When outsourcing offshore, some critics are like tropical storms that rampage and overwhelm the regions you’ve selected. Offshoring has long been a target of negative criticism for stealing jobs with political critics claiming that the negative effects are often magnified compared to gaining the benefits they are supposed to gain.

These same critics often cite the fact that much risk is being taken when transferring important processes to places they have no complete control over. Failure can be due to poor communication; political unrest; even arbitrary changes in the economic policy of the outsourced country. And of course, there’s always the association between poor infrastructure in developing countries and the negative effects on quality or timeliness.

Despite that, most economists also agree that offshoring lowers costs for companies while being able to pass on the benefits to consumers and shareholders. There is also better availability of skilled human resources in a specific region for specific types of tasks. For example, top BPO countries like South Africa, Philippines and India have a large pool of English-speaking, college educated youth. If a company’s got the right training, that makes it ideal for business process outsourcing.

But in order to achieve that, there are two important things you need to establish first within your own business and then the offshore company you’re going to outsource. Only then can you present proof that runs counter to your critics’ claims.

The first is establishing ties. It’s really important that know your outsourced company real well and making a strong connection. Keep the following in mind:

  • Select an experienced provider and understand their business model. Both parties much understand the company core values of the other organization (with the outsourced company still being able to deliver).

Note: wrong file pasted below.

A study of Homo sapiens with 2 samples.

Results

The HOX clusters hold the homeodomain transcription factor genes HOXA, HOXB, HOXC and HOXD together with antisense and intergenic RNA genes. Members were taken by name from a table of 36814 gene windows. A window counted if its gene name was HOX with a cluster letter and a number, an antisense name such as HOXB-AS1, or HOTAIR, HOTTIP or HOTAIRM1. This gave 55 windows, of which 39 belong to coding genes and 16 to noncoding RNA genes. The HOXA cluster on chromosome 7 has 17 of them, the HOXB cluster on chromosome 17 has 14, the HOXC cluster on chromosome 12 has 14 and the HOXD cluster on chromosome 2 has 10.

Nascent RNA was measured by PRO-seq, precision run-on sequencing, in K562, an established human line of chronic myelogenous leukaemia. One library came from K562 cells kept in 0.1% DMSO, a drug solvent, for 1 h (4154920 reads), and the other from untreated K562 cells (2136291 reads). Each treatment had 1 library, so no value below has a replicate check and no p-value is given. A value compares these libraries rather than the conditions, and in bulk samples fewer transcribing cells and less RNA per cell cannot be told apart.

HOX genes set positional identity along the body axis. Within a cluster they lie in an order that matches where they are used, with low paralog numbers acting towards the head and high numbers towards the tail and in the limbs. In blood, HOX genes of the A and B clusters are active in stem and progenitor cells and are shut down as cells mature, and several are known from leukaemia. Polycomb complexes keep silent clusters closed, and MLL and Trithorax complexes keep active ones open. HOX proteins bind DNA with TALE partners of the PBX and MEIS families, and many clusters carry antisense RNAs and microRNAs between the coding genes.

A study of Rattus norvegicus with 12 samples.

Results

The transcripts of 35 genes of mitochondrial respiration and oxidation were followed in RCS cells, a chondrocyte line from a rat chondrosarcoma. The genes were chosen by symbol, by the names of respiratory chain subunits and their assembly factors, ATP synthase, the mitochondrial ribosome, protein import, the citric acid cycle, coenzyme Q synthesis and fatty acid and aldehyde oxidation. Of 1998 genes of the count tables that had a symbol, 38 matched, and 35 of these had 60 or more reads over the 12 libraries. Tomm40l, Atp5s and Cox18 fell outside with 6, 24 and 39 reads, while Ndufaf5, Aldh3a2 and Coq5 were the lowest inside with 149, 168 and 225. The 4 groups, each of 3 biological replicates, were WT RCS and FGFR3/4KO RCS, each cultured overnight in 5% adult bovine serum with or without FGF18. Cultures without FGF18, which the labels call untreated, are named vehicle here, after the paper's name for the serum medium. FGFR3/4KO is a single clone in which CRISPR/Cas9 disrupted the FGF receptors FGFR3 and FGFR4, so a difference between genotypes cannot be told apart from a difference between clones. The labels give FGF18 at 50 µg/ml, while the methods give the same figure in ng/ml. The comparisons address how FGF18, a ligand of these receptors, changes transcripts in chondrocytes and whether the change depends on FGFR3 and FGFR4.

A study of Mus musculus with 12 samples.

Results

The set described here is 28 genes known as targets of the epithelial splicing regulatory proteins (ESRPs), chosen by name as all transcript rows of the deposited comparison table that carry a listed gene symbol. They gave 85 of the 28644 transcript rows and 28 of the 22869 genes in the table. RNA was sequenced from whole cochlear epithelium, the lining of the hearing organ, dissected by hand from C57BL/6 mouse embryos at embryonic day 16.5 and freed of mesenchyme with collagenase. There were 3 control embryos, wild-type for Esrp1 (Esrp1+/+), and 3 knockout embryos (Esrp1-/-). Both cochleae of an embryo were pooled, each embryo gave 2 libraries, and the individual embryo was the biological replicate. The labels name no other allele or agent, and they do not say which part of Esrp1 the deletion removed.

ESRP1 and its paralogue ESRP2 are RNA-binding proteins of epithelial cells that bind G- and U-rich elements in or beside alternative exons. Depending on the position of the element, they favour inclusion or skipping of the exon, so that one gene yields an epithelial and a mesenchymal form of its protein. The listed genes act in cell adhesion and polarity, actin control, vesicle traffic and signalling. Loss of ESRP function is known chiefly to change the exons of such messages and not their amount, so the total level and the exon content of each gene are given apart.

• Determine how stable a provider’s workforce is and find out how it measures its attrition rate. Try to check if your provider has a good reputation among job seekers and if they have strong retention.
  • Develop a communications plan for primary external and internal stakeholders. These will allow mechanisms for feedback and more importantly, active follow-up with the offshore outsourcing managers.
  • Carefully outline the process for ordering any changes and stick to it. Processes that are too simple and tacky (e.g. pure email) will only make a mess that you wouldn’t want to sift through later just to clear sudden misunderstandings.
  • Plan for unexpected costs during the early stages of the outsourcing relationship like when information is transferred between you and your provider. Deploy additional network bandwidth and security technologies if necessary for important data transfers. Be aware of country-specific communications and data encryption regulations and requirements.

Getting to know your provider can take some time so it’s only fair that the second part of this guide will come in a later post. Critics will have little to say once they see how you seriously take the relationship you have with outsourced companies.